The desert is amazing and beautiful. Our days settle into a routine. 5.30am start. The stars are still out which is, of course, wonderful, “It makes getting up early worth it” I say to Mike and he agrees. Emma and Mike leave as soon as it is light. Emma running, Mike on the bicycle. We clean up the camp and set off. I am very strict in the desert. I’m not sure how quickly things decay here but I’m guessing slowly, so we have a “leave no trace” policy. Poo paper goes in the poo bag. Not everyone is happy with this but no-one wants toilet paper blowing across the desert.
I never knew there was so much life in the desert. We can see hoof prints round our camp.
At 8am (10 miles down the road) Robert lights a fire (he has become our fire man) and he calls, “Aysha, you’re wasting my fire.” I have to get snappy with the porridge. No milk, as we have no fridge. Porridge with salt. I know this sounds horrible but as long as you put it in at the beginning it tastes delicious. Then, after it is cooked, I add cinnamon and honey – in time, at the request of the team i also add two apples and a banana. Around eating, which must happen within 20 minutes of stopping, Emma needs a massage, sunflower oil works surprisingly well. Emma also needs to use her roller and to stretch.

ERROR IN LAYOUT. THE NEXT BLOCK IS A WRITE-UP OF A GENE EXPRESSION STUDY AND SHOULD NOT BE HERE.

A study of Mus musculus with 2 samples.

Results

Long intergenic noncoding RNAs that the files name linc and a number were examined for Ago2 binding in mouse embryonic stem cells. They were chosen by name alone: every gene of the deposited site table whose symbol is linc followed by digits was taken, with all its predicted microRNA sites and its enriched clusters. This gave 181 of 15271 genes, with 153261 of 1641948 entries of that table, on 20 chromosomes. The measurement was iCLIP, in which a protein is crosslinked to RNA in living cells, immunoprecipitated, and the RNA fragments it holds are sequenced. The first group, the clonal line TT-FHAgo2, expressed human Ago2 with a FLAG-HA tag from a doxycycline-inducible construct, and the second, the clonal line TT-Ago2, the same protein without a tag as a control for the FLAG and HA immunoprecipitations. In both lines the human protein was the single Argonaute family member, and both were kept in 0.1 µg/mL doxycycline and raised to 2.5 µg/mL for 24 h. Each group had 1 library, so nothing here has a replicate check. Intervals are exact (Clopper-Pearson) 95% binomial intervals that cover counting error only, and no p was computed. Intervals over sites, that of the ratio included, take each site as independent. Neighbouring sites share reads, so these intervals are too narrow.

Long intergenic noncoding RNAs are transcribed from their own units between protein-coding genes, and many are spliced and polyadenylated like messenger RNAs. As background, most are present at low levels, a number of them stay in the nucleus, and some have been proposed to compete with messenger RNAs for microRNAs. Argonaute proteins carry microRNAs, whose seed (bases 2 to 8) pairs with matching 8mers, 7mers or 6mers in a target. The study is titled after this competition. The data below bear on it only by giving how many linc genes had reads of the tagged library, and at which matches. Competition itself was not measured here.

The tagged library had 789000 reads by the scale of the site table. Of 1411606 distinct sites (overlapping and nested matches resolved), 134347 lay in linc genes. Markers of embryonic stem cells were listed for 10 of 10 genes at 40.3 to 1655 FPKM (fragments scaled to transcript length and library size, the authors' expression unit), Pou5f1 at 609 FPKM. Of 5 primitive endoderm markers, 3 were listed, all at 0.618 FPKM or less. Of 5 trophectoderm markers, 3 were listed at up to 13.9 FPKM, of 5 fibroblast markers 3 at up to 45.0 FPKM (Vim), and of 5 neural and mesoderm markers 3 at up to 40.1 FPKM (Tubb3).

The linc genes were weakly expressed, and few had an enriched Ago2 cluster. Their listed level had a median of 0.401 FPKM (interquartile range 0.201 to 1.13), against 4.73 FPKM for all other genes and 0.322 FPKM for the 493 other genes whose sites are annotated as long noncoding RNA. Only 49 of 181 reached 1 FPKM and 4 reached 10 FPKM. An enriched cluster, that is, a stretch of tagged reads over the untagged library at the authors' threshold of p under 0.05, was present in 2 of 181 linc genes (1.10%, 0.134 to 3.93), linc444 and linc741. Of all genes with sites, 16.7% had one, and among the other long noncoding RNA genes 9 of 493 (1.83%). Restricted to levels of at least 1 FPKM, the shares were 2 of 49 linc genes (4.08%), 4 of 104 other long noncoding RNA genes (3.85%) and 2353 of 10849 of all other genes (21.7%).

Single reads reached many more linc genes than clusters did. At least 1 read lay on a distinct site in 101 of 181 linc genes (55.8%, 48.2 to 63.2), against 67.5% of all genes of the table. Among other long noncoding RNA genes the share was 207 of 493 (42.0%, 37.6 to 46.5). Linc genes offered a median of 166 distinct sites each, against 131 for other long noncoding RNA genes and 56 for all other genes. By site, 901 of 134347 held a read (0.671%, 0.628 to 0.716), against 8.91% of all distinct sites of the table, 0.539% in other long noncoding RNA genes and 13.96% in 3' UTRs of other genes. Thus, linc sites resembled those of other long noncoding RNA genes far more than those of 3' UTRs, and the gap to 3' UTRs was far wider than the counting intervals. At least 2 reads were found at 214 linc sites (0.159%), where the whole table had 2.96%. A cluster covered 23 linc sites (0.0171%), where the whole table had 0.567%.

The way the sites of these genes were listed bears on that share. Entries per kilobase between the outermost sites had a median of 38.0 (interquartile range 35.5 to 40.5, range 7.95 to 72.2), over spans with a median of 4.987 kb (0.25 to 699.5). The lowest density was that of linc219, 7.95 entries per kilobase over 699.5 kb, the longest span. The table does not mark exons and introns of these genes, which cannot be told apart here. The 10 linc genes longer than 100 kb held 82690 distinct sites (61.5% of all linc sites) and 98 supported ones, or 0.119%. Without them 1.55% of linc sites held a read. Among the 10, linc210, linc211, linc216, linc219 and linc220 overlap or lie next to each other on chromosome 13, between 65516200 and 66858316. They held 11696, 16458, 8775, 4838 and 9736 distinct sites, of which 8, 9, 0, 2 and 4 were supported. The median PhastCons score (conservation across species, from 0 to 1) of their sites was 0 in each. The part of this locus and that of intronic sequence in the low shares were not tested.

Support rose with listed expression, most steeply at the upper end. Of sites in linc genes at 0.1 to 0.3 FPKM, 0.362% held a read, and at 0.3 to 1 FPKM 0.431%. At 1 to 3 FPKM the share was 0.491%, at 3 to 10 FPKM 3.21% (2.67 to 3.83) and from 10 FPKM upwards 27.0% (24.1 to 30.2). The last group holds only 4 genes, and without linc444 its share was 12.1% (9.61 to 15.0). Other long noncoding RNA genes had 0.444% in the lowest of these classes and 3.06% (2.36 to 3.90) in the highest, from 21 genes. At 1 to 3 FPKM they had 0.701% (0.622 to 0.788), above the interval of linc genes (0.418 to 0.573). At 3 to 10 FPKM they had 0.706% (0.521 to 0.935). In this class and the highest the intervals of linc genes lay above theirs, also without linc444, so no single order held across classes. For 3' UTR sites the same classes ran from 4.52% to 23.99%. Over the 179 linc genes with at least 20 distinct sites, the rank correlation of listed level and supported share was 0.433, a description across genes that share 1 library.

9am Emma and Mike set off again for another 10 miles or so. We have to pick a nice spot for lunch.
11am is the long lunch break waiting for the heat of the day to pass. Eating, sleeping, repacking the back of the car, massage for Emma.
3pm Emma sets off again for her final 10 miles or so, depending how she is feeling.
The sand is tough to run, she slips back with every step and its harder on her leg muscles. The wind is also against her. At the end of the day, we only have wet wipes for her to wash off the dust and sand. Carrying only 100 litres of water in total for 5 people means we have to be careful with the water we use as we don’t know where we’ll fill up next. But I rarely hear any complaints from Emma.